Aum (ॐ) is the vibration by which the Supreme Spirit brings all things into manifestation. It is the Holy Ghost of the Christian Trinity.(1)
Paramhansa Yogananda has explained that everything — all matter, all energy, all thoughts — exists in Aum.(2)
All major religions recognize this creative vibration, though they call it by different names. For example, the Bible calls it “Amen” (its meaning in Hebrew being sure, faithful) as well as “Holy Ghost.” St. John called it the Word of God (“In the beginning was the Word, and the Word was with God, and the Word was God.… All things were made by him; and without him was not any thing made that was made.” —John 1:1 – 3). It is the sacred word “Amin” (which means faithful in Arabic) of the Muslims, and Tibetans call it “Hum.”(3)
The Three Forces of Creation
All of manifestation is created, preserved in the created state for some time, then eventually destroyed. Aum, therefore, encompasses the three vibratory energies required to create, preserve, and destroy, and each of these energies vibrates at a different frequency.
The three letters of AUM represent these three vibrations inherent in creation. (Even though the variant spelling in English is “Om,” AUM is more accurate.) “A (Akaar)” represents the vibration that brings into manifestation the created universe; “U (Ukaar)” represents the vibration that preserves the creation; and “M (Makaar)” represents the destructive vibration that dissolves the manifested universe back into the Infinite Spirit.(4) (5)
Traditionally in India, Aum is chanted three times. One reason is to invoke the blessings to the three universes (or the three “bodies” the soul is encased in) — physical, astral, causal. Another is a reminder of these three aspects of Aum.
How to Pronounce Aum
When chanting Aum, the three letters (sounds in Sanskrit) should be pronounced properly for true mantric power:
The “A” in AUM represents the cosmic creative vibration, and should be pronounced short, as in the first “a” in “afar,” rather than long as in “arm.” When this sound is heard in meditation, it has the highest pitch of the three.
“U” (pronounced “oo” as in “moon”) is the cosmic vibration of preservation. It maintains all creation in a state of equilibrium. This sound, when heard in meditation, is pitched somewhat lower than the first.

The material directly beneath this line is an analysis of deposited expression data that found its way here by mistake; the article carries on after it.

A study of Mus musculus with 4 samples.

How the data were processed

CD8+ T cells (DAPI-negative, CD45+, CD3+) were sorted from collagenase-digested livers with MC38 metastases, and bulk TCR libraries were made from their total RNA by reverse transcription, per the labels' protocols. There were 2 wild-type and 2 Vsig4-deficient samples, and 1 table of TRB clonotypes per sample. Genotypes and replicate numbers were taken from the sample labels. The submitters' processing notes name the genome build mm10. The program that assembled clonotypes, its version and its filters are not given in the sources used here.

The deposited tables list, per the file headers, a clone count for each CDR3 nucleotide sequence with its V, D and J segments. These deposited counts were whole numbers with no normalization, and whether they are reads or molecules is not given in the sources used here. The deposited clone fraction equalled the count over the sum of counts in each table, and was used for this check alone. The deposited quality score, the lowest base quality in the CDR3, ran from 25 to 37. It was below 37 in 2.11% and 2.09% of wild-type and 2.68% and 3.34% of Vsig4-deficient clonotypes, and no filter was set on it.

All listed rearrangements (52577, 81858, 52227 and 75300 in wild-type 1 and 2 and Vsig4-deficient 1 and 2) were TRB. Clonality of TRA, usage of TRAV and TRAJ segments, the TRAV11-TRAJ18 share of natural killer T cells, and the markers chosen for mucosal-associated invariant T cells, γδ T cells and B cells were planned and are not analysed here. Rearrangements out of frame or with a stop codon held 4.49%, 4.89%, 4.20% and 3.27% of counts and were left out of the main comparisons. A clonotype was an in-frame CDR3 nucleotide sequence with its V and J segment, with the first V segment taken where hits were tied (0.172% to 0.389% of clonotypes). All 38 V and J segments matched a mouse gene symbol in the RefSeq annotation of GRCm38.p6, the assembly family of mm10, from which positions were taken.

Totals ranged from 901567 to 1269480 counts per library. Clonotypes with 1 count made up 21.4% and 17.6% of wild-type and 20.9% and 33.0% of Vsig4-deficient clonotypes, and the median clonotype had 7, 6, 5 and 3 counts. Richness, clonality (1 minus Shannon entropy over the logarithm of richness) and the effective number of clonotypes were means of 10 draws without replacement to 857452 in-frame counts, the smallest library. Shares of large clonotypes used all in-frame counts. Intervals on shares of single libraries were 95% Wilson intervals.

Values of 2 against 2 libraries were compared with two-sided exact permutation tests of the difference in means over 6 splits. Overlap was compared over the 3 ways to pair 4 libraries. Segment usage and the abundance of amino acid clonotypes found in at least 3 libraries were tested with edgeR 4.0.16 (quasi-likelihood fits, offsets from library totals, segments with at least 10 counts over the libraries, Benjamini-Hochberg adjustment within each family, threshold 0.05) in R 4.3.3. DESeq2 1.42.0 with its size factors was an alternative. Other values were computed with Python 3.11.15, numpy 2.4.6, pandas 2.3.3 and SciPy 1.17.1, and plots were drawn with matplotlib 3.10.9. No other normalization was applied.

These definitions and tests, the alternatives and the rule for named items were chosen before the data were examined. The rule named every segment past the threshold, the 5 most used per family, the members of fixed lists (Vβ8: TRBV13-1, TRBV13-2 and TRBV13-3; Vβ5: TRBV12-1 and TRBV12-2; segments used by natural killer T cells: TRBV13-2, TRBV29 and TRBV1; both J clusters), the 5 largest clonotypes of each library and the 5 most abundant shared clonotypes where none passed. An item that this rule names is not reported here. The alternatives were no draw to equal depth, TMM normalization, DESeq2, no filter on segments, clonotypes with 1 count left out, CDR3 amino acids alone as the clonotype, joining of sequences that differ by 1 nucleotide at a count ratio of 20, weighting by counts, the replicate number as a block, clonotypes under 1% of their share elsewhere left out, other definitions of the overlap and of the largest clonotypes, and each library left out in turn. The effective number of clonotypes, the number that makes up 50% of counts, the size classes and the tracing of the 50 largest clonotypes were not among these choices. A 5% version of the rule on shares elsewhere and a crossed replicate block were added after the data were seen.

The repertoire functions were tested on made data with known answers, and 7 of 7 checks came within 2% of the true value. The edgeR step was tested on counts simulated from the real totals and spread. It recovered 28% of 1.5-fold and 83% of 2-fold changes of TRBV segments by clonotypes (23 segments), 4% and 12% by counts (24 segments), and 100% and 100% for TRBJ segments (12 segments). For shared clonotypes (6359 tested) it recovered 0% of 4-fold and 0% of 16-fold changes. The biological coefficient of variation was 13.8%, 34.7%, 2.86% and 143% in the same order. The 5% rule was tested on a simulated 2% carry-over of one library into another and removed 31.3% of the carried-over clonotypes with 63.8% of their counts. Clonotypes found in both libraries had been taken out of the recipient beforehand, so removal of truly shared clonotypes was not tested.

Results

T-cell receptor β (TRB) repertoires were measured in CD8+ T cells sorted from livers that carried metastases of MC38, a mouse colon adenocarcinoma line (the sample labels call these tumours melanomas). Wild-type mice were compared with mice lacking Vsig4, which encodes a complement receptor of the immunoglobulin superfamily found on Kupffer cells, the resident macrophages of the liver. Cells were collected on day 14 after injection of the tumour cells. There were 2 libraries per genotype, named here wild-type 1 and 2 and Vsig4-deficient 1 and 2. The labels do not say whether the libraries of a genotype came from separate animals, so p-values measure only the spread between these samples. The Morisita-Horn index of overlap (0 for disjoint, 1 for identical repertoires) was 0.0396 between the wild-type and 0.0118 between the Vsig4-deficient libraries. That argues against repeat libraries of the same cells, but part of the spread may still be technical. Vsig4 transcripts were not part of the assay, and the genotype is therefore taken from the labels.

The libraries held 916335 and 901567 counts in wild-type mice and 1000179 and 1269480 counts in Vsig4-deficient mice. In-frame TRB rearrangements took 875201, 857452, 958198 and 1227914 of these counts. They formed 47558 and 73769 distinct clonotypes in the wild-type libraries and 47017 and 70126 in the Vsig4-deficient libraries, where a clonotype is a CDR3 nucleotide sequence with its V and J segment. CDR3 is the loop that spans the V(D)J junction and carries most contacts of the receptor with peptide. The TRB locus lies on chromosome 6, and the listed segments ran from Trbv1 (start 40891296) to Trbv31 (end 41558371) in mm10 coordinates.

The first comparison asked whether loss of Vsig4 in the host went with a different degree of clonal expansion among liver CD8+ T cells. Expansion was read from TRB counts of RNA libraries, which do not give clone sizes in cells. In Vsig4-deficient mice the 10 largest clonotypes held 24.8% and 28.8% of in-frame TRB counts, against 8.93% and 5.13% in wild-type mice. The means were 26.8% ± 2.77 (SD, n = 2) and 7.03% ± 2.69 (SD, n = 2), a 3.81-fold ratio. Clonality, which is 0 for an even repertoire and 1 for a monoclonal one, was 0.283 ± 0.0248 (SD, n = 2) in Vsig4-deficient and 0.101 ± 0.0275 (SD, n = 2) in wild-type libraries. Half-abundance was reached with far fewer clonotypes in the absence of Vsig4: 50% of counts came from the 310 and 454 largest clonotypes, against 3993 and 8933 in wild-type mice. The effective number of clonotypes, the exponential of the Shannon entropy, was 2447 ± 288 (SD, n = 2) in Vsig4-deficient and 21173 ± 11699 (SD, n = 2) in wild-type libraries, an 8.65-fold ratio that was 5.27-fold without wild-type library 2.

“M” represents the vibration of cosmic dissolution, which draws all creation back into the Absolute at the end of a universal cycle. The time allotted to cosmic manifestation is known as a Day of Brahma, and spans a period of billions of years. This vibration of the AUM sound, when heard in meditation, is pitched lowest of all, like a deep rumbling.(5)
In addition, these three frequencies should be chanted at different notes:
The notes of the first “AUM” are higher, and should be sung loudly. The second note-sequence is a little lower, and is sung more softly. The third sequence is lowest, and is the softest of the three.
A final point: When chanting AUM, the “M” should be given equal emphasis to the preceding two vowels.(5)
Listen to it here:
Further Studies on Aum
Going Deeper in Aum – Based on the book, “Aum: The Melody of Love,” by Nayaswami Bharat
AUM: The Melody of Love – Seek the sound that never ceases.
AUM: Mantra of Eternity – A CD featuring continuous vocal chanting of “Aum,” set to tamboura accompaniment.
- ↩ The New Path, by Swami Kriyananda. Chapter 20, “Twenty-Nine Palms”
- ↩ The Essence of Self-Realization, by Paramhansa Yogananda. Chapter 16, “Ways in Which God Can Be Worshipped.”
- ↩ Autobiography of a Yogi, by Paramhansa Yogananda (1946 Edition). Chapter 26, “The Science of Kriya Yoga”.
- ↩ The Second Coming of Christ Part 2, by Paramhansa Yogananda. Chapter “The Baptism of Jesus Christ”.
- a b c The Hindu Way Of Awakening, by Swami Kriyananda. Part Two: The Symbols, Chapter 11 “Brahma, Vishnu, and Shiva: The Trinity of AUM”.